With your singlehanding requirement you should be looking for boats that have all the major chores close to hand. Primary winches should be within reach of the normal helm position. A furler will greatly ease use of genoas, especially of you get into a mid-to-high 30s footer from the IOR era with their large masthead rigs. Wrestling a large genoa to the deck, even hanked is quite a chore in a breeze by yourself. If it's in a foil its harder still.
You might say, "I'll get an autopilot so I can run all over the boat while it drives itself".. Reality is that few autopilots will handle all conditions well, and the fact that it is there will encourage you to leave the cockpit to do this or that (skirting, tweaking a leech line etc.) Human nature says that you will not be clipped in EVERY time you do this and so you put yourself and your boat at risk. We find that the Autohelm is really only useful when motoring or while setting or dousing sail.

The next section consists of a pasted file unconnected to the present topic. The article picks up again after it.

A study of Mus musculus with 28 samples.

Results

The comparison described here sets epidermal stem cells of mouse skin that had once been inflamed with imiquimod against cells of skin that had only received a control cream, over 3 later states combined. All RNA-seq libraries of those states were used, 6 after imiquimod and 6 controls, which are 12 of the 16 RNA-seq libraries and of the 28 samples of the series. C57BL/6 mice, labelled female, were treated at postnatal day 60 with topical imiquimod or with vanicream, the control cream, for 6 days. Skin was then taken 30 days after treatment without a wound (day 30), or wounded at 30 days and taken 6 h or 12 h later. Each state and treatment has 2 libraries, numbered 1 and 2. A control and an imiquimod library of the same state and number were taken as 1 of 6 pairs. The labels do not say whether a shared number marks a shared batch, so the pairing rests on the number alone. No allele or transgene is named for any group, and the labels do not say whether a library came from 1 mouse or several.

Avoid boats with excessive control lines like running backstays, keep it simple.
I'd look for newer designs that put more power into the mainsail, e.g. fractional rigs or short J-dimension mastheads to ease the tacking. Best of all try to find a boat that doesn't need overlapping headsails, that really makes life easier, but there are not many of those around.
Without a lot of expensive gear, size is a limiting factor for the singlehander. Keeping the loads down to a manageable level also coincidentally keeps the costs down across the board. Those costs, by the way, vary greatly with boat size and so can't be generalized very well.
Finally, given your intended mix of coastal cruising and potential offshore, I'd still favour a well-found performance cruiser type over the traditional heavy offshore boats. Good Luck.